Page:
A recent spate of information-stealing malware has targeted a little-known Google Chrome API endpoint to gain prolonged access to users’ Google accounts. Dubbed the “MultiLogin” API, this interface is intended to help synchronize logins across Google services. However, lax access controls have left it ripe for abuse by cybercriminals.
At least six major malware operations since late November have incorporated the technique, including notorious info-stealers Lumma, Rhadamanthys, Stealc, Medusa, RisePro, and Whitesnake. By stealing special “Refresh tokens” in addition to authentication cookies, this malware can continually generate new working login cookies long after old ones expire. That gives threat actors an indefinite window to access compromised accounts.
The refresh tokens link to the MultiLogin API, which accepts account IDs and auth tokens to sync logins. While details remain scarce, references in Google’s open source code confirm its existence. Researchers believe cybercriminal malware is now using stolen tokens to improperly invoke the API and rotate out expired credentials for fresh ones.
As long as a user hasn’t explicitly logged out of Chrome or revoked account sessions, the stolen tokens still work. And most malware victims remain unaware of the intrusion until serious account abuse occurs. For example, stolen Orange España telecom credentials were used to tamper with infrastructure, causing nationwide Internet outages. By then, the damage was already done.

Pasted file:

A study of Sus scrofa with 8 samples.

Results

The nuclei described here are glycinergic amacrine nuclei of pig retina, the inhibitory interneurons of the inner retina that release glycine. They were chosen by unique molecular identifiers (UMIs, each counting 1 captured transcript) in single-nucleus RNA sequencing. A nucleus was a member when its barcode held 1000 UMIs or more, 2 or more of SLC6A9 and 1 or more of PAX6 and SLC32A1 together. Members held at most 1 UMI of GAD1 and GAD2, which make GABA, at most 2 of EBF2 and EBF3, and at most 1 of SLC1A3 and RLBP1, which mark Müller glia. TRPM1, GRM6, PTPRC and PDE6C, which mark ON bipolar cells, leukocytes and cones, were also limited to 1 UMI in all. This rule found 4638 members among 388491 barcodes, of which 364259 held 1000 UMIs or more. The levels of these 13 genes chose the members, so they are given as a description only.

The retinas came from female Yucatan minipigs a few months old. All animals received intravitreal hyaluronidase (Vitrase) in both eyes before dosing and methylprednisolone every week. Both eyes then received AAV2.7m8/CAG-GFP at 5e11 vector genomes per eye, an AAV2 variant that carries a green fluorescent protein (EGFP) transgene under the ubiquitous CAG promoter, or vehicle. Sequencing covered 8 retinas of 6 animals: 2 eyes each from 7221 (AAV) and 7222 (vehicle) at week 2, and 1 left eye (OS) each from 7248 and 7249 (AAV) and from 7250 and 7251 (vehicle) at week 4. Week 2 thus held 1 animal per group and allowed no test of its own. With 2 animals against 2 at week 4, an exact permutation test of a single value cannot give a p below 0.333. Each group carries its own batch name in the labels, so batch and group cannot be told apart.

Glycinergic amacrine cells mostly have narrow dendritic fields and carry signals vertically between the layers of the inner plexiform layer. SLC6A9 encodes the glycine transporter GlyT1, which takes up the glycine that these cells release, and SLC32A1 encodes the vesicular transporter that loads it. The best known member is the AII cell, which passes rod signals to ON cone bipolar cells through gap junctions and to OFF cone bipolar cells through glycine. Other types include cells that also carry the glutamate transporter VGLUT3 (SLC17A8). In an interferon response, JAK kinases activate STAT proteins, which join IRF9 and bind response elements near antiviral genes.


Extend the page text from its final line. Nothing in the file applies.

While Google says it has proactively secured known compromised accounts, the company still considers this just standard malware behavior rather than an API vulnerability. Google maintains that affected users need only log out all browser sessions or revoke account access to thwart the attacks.
But that glosses over how the API loophole enables prolonged account access compared to plain cookie theft. It also ignores the fact that most victims discover the intrusion too late. Google could mitigate this by adding MultiLogin API restrictions, yet seems unwilling to do so.
That leaves users and security teams without good recourse once Refresh tokens are stolen. To make matters worse, the simplicity of the technique means adoption by malware kits will likely accelerate.
Google argues that users should turn on Enhanced Safe Browsing protection and continually purge any malware. But individuals have limited tools to detect sophisticated info-stealers, whereas Google could address the problem at its source.
Until then, all organizations should brace for potential exploitation by educating employees on this emerging threat. Protecting privileged accounts with stronger authentication methods is also advisable where feasible.
Because Google’s stance greenlights open season for malware operations to incorporate the technique, expect Refresh token theft to undermine account security well into 2024 and beyond. This elevates the urgency for users and businesses to implement other mitigating controls before the next big outbreak. For widespread threats like ransomware, the damaging potential is too great to ignore.